Fri, Aug 09, 2019

The Impossible Burger Is Coming To More College Campuses With New Launch

Sodexo's Tandoori Burger made with an Impossible Burger patty.

@Forbes

Sodexo North America, a food service and facilities company operating at more than 13,000 locations in the U.S. and Canada, announced today the launch of a new product line featuring the plant-based Impossible Burger.

Eight different takes on the Impossible Burger will be available at over 1,500 of the company's 2,100 healthcare, corporate and college retail locations in the U.S. beginning August 19. Offerings include an Impossible Creole Burger, Impossible Tandoori Burger, Impossible Sausage Muffin and Impossible Biscuits and Gravy.

“We’ve been on a plant-forward journey for the past couple of years,” said Rob Morasco, the company’s director of culinary development, in an interview. Though Sodexo claims "food with a conscience" is a core component of their mission, Morasco also attributes consumer demand – especially among the company's young university clientele – as an important factor in bringing the Impossible Burger to cafeterias and cafes serviced by the company. “Looking at upcoming trends, plant is number one,” he said.

According to Impossible Foods, their most recent iteration of the Impossible Burger uses 87% less water and 96% less land to produce compared to a conventional ground beef patty. The Silicon Valley startup makes meat, dairy and fish products from plants with the soy-based Impossible Burger their flagship offering.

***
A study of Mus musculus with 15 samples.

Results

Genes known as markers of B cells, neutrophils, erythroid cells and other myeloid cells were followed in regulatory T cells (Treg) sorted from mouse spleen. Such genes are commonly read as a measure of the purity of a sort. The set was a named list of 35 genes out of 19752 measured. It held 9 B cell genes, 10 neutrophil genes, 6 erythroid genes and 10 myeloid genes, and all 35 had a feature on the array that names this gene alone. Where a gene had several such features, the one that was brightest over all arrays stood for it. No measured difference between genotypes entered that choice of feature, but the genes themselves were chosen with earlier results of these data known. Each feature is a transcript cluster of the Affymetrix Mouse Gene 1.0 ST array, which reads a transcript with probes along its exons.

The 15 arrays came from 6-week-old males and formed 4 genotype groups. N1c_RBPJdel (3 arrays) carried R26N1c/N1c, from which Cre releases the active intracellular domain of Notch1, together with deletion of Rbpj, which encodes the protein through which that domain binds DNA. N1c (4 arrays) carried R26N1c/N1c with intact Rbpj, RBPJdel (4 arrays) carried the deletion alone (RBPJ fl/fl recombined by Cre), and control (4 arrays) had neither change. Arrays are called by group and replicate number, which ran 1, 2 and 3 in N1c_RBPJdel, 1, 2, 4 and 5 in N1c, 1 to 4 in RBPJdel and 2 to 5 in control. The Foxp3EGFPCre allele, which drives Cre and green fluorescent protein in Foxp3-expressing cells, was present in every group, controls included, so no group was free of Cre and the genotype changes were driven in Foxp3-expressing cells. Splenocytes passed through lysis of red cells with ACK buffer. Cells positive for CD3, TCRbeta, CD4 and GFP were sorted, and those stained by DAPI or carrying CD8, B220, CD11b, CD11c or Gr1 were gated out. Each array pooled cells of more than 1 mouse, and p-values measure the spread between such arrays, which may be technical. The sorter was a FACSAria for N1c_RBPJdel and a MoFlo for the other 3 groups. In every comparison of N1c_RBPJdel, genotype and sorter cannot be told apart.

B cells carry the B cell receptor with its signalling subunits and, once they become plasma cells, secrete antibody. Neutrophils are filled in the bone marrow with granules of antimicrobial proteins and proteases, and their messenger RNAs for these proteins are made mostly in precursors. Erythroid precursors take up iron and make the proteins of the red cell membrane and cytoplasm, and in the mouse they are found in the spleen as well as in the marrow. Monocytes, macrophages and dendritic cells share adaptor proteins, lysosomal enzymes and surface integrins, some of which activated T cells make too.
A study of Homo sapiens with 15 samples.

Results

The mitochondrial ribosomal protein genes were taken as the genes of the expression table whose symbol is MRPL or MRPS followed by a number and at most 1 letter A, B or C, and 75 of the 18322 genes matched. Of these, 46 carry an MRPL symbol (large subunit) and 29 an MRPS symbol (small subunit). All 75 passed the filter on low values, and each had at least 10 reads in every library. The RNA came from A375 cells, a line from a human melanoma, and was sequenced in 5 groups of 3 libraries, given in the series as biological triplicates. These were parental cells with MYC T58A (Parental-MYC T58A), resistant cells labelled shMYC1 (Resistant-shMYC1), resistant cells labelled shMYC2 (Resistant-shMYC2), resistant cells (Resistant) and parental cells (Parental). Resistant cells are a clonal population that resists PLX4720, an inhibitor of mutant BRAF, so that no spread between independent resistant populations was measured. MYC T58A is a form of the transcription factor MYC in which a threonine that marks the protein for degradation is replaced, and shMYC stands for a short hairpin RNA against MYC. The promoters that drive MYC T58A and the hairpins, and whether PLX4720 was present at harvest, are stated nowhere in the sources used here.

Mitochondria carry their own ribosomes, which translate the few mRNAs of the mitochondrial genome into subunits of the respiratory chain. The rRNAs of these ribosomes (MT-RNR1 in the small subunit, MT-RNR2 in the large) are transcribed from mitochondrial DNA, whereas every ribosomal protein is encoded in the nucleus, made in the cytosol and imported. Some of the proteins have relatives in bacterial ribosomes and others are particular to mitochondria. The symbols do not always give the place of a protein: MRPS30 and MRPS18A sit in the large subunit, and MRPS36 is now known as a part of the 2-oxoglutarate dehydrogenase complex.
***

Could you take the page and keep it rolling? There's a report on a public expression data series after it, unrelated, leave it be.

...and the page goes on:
In recent days, Impossible Foods passed two hurdles that could significantly impact the company's growth. To meet increased demand for the Impossible Burger, which faced shortages earlier this year, Impossible Foods announced last week a partnership with OSI Group, a food manufacturer, to scale its production capacity.

Additionally, the U.S. Food and Drug Administration approved last week the use of soy leghemoglobin protein in products appearing on grocery store shelves, effectively kick-starting the plant-based company's plans to sell the Impossible Burger directly to consumers at grocers across the country later this year. The cooked protein, also known as heme, gives the Impossible Burger its signature bleed.

Already available at nearly 10,000 restaurants in the United States – including a roll-out to more than 7,000 Burger Kings this week – and parts of Asia, the Impossible Burger is increasingly making its way to dining venues on college campuses and corporate cafeterias.

As reported earlier this year by Bloomberg, companies producing plant-based alternatives are increasingly eyeing college dining programs with the goal of building brand loyalty among young consumers concerned about the environmental, health and social impacts of their food consumption patterns.

“College students are very passionate about plant-based alternatives,” Morasco said, while noting that one-third of the Sodexo sites that will offer Impossible Burgers are university dining programs.

With Impossible Foods’ continued rise in the plant-based alternatives market, Morasco says that Sodexo also hopes to cash in on the brand’s consumer recognition.

“This is our most visible plant-based offering,” he said about the Impossible Burger. “We’ve done a significant amount of work with other vendors offering plant-based alternatives, but Impossible is such a known brand identity – putting that name on our product gives our clients an instant awareness of what we’re doing.”